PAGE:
Nechama Leibowitz (sister of Yeshayahu) was born in Riga, educated in Berlin, and moved to Eretz Yisrael in 1930. She taught for many years at the Mizrachi Women Teachers Seminary, at Tel Aviv University, and at numerous other schools, including Hesder yeshivot. In 1942 she began to distribute stenciled pages of questions on the weekly Torah portion, and over the years the Pages, which became her trademark, reached increasingly wider audiences. Leibowitz was a frequent radio commentator on the Israel Broadcasting System, and she was awarded the Israel Prize for Education in 1956. She died in Jerusalem in 1997.
Although appointed professor at Tel Aviv University in 1968 and recognized publicly on numerous occasions, Leibowitz, known simply as Nechama to her students, preferred the title of teacher to other distinctions. Her approach to the Bible was an active one, and through her thought-provoking questions, she demanded that her students adopt a similar active role towards the text. For many years, Leibowitz's Pages consisted only of questions, and it was only at the insistence of many students that she later agreed to publish answers along with the questions, yet still appending questions for further study. Her interpretations reflect her vast knowledge of traditional and modern Biblical commentaries, and display a sensitivity to the religious, literary, and psychological meanings of the text. She sought to infuse her students with a love of the Bible as well as the belief that its levels of meanings were to be probed by its readers.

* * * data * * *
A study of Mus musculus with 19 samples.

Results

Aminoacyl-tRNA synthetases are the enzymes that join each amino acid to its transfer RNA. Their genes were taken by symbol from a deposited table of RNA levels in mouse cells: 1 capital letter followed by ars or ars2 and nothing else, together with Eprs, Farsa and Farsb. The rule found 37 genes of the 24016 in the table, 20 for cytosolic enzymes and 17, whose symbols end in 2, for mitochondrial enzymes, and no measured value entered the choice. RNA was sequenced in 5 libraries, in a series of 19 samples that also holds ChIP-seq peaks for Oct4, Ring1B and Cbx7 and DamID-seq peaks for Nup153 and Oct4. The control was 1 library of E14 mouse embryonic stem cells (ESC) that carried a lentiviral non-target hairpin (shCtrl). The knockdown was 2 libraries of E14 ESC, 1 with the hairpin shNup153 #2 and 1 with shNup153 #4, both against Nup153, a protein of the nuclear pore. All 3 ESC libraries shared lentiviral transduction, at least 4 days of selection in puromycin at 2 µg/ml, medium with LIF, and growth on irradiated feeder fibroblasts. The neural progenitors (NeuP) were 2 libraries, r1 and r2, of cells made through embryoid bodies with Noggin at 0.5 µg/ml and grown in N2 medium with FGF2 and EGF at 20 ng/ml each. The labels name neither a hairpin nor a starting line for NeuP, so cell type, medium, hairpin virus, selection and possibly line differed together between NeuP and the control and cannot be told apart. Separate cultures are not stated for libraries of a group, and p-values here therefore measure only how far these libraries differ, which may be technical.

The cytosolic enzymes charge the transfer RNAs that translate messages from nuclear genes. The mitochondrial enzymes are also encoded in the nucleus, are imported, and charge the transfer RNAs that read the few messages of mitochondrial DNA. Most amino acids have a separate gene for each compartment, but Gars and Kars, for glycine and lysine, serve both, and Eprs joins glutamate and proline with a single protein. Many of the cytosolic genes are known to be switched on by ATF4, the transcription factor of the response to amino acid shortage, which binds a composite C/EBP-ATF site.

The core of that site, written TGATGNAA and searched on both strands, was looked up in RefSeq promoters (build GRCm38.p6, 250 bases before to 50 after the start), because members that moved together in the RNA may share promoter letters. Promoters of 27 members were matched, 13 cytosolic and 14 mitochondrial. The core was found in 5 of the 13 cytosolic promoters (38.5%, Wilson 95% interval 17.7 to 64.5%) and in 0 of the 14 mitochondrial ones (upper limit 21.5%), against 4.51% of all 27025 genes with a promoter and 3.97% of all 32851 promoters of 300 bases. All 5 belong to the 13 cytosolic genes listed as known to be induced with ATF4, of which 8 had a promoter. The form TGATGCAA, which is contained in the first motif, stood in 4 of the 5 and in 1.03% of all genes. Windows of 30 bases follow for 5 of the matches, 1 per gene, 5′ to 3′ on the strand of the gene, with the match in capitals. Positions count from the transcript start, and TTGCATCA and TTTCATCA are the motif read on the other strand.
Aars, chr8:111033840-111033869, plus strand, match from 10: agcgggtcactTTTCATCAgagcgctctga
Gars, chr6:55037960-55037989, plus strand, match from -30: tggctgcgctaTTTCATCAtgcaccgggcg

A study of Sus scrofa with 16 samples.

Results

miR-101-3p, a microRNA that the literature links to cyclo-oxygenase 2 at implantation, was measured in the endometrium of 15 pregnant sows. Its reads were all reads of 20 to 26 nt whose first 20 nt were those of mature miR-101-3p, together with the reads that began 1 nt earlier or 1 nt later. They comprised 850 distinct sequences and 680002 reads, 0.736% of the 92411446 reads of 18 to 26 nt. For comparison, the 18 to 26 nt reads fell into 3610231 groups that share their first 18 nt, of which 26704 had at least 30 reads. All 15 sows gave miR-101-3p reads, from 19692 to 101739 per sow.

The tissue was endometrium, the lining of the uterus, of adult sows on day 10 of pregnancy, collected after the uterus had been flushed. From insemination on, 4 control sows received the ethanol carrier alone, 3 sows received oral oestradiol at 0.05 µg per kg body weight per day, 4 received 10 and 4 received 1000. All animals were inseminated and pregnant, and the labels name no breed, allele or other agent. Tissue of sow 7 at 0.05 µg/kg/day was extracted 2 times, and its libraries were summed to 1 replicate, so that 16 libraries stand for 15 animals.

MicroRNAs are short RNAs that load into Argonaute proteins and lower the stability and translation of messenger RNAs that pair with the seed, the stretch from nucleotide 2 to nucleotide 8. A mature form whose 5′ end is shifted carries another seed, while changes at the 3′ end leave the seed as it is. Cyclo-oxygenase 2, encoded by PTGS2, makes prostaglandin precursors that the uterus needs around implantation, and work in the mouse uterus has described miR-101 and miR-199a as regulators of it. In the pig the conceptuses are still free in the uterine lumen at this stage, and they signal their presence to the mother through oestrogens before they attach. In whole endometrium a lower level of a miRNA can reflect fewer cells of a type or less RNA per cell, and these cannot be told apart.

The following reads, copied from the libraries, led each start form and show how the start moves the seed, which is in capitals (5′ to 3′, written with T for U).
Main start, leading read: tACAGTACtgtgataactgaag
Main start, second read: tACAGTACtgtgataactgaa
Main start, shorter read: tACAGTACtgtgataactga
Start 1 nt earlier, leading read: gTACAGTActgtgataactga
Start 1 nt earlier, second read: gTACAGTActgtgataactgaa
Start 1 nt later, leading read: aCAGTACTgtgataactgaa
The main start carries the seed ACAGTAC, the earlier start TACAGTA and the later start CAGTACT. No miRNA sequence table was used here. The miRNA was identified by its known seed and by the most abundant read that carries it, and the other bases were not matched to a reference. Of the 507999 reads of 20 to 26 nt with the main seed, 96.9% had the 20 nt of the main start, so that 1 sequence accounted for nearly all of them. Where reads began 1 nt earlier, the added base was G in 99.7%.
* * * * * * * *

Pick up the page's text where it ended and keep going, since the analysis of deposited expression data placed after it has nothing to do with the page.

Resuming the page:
Leibowitz's Pages were translated into many languages and reached students and educators alike around the world. They were later collected into book form and published as Studies in the Weekly Sidra and Studies in Bereshit (with similar volumes for the other books of the Torah). She is recognized as one of the leading teachers of the Torah of the twentieth century, as well as a role model for Orthodox women who are professional Jewish scholars and teachers.
Source: Joint Authority for Jewish Zionist Education.